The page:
By | Published on Tuesday 2 April 2013


US District Judge Richard Sullivan has ruled against ReDigi in its copyright infringement battle with Capitol Records, now a Universal Music subsidiary of course.

As previously reported, ReDigi is a US-based digital start-up that enables users to resell their MP3 collections for profit. The service was controversial within record industry circles from its launch in 2011, with Capitol going legal in January 2012.

The record industry claimed that ReDigi’s platform enabled users to make copies of copyright material without licence, which constitutes infringement, and in doing so opened up the digital company itself for liability for that infringing activity.

ReDigi countered that the resale of MP3s was no different to the resale of CDs, which is allowed in the US under a specific bit of law known as the ‘first sale’ doctrine. It added that ReDigi technology verified the authenticity of the MP3 for sale, and ensured that the original copy was deleted on the seller’s devices, so that the sale of any one MP3 could only happen one time, and only one copy of the digital file would exist at the end of the transaction.

Many record label insiders questioned the ability of the ReDigi platform to really ensure the original MP3 file was deleted after any sale, while Capitol’s lawyers argued that was irrelevant anyway, because for the transaction to occur at all a mechanical copy of the original file would be made, and that required a licence under US copyright law. The first sale doctrine, they said, did not apply.

And this weekend Sullivan concurred with that interpretation of American copyright law. The judge had initially denied Capitol’s bid to secure a summary judgement on this case last year, saying that the intricacies of copyright law at play were too complicated to rule without a full hearing. The case properly reached court last October, with both sides presenting detailed arguments on which this weekend’s ruling was based.

In his judgement Sullivan specifically states that the fact that the original MP3 file is deleted in the ReDigi resale process is irrelevant, because unlicensed copying still takes place. He also specifically states that the first sale doctrine is not relevant (as well as noting that another recent headline-grabbing court case on that doctrine, Kirtsaeng v Wiley, which confirmed that it applied to products originally sold outside the US, made no difference here, because of the undeniable copying).

According to Reuters, the judge writes: “ReDigi facilitates and profits from the sale of copyrighted commercial recordings, transferred in their entirety, with a likely detrimental impact on the primary market for these goods. It is beside the point that the original phonorecord no longer exists. It matters only that a new phonorecord has been created”.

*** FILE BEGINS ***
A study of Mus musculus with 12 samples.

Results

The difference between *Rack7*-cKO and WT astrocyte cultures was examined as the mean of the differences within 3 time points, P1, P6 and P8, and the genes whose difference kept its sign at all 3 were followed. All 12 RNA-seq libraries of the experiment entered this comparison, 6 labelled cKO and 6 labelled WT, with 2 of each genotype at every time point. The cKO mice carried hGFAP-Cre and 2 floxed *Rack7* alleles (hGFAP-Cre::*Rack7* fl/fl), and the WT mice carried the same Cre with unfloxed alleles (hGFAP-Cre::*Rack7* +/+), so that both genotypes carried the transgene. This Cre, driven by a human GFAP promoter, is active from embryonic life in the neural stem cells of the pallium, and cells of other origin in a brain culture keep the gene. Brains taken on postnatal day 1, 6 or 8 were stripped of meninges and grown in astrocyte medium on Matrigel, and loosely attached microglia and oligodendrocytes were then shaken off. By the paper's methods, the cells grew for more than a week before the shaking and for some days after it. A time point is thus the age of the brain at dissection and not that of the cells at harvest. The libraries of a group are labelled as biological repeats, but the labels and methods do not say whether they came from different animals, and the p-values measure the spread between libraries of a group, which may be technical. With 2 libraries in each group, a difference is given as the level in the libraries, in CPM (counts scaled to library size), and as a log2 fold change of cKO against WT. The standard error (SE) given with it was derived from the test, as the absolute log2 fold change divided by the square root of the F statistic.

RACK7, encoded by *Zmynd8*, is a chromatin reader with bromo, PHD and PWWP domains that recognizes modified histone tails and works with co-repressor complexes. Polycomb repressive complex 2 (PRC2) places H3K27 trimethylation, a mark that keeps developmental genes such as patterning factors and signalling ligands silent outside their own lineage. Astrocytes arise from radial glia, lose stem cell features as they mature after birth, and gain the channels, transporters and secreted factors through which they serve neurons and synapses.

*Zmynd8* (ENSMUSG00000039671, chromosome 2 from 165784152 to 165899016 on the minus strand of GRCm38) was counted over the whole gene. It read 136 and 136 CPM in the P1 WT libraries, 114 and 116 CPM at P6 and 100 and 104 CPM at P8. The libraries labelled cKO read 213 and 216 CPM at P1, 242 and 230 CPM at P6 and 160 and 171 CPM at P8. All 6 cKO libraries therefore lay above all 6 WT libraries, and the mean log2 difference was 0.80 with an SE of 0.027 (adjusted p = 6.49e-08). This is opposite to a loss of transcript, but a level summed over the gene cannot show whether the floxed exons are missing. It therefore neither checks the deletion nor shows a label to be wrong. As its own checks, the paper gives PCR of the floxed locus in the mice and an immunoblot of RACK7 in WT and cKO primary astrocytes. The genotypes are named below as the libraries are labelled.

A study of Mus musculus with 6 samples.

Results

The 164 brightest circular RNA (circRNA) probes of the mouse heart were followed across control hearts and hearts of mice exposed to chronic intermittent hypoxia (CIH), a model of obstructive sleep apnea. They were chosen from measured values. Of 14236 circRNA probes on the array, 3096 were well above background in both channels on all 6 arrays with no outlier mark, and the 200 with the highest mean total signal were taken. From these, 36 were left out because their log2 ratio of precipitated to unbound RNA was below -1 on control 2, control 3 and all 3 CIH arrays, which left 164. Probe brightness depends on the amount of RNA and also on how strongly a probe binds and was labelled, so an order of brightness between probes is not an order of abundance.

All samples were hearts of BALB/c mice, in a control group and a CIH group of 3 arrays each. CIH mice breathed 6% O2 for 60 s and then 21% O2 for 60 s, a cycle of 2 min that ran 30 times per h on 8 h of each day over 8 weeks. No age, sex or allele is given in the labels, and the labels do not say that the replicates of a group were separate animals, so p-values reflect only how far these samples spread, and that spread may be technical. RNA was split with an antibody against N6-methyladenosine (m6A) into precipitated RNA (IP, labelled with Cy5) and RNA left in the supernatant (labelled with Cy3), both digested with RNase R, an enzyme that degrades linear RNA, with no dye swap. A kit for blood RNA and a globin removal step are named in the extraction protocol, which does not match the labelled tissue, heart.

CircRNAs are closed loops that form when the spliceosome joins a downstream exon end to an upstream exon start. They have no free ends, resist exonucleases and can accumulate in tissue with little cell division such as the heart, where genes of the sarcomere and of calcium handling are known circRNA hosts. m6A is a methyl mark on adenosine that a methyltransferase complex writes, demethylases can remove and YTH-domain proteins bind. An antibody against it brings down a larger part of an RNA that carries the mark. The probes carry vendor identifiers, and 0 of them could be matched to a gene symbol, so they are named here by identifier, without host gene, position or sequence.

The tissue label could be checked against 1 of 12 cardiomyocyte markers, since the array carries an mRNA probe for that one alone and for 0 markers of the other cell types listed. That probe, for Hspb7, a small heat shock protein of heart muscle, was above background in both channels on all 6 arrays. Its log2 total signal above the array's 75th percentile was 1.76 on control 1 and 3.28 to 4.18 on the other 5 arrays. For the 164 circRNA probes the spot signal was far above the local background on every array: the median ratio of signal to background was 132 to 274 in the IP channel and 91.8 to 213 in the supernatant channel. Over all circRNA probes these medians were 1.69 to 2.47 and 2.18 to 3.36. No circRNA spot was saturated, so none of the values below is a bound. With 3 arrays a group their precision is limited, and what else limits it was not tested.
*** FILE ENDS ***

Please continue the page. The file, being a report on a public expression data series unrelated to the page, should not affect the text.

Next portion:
Responding to the ruling last night, ReDigi confirmed its intent to appeal, while also stating that the judgement only applies to the first version of its technology, which has since been superseded by what the company calls ReDigi 2.0, which, it says, Sullivan specifically excluded from his judgement, adding that consideration of that software would require a second round of legal action.

A spokesman told CMU: “We are disappointed in Judge Sullivan’s ruling regarding ReDigi’s 1.0 service technology. For those who are unaware, ReDigi 1.0 was the original beta launch technology, which has been superseded by ReDigi 2.0. The updated service incorporates patent pending ‘Direct To Cloud Technology’ and ‘Atomic Transfer Technology’ that the court stated are not affected by its recent ruling”. It remains to be seen if Capitol launches new litigation regards the new technology in addition to fighting any appeal efforts by ReDigi.

Noting the Kirtsaeng v Wiley case, ReDigi added: “The case has wide-ranging, disturbing implications that affect how we as a society will be able to use digital goods. The order is surprising in light of last month’s United States Supreme Court decision in Kirtsaeng v Wiley, which reaffirmed the importance and applicability of the First Sale Doctrine in the United States Of America”.

Meanwhile, noting concurrent debate on this issue in the European Union, where ReDigi has plans to properly launch, the statement concluded: “Within the past year the European Court Of Justice has also favourably underscored the importance of the ‘first sale’ or the ‘copyright exhaustion’ doctrine and its direct application to digital transactions”.

As well as not commenting on ReDigi 2.0, Sullivan’s statement did not rule on Capitol’s separate claims of performance and display right infringement, nor offer any opinion on damages. Both sides were asked to respond to the ruling by 12 Apr. Capitol is expected to push for both damages and an injunction to force ReDigi to cease operating its resale website.

As previously reported, the ReDigi ruling has impact beyond one digital start up, with Amazon known to have interests in joining the digital product resale market, and Apple also thought to be dabbling in this space. Both will have been reading Sullivan’s ruling closely yesterday.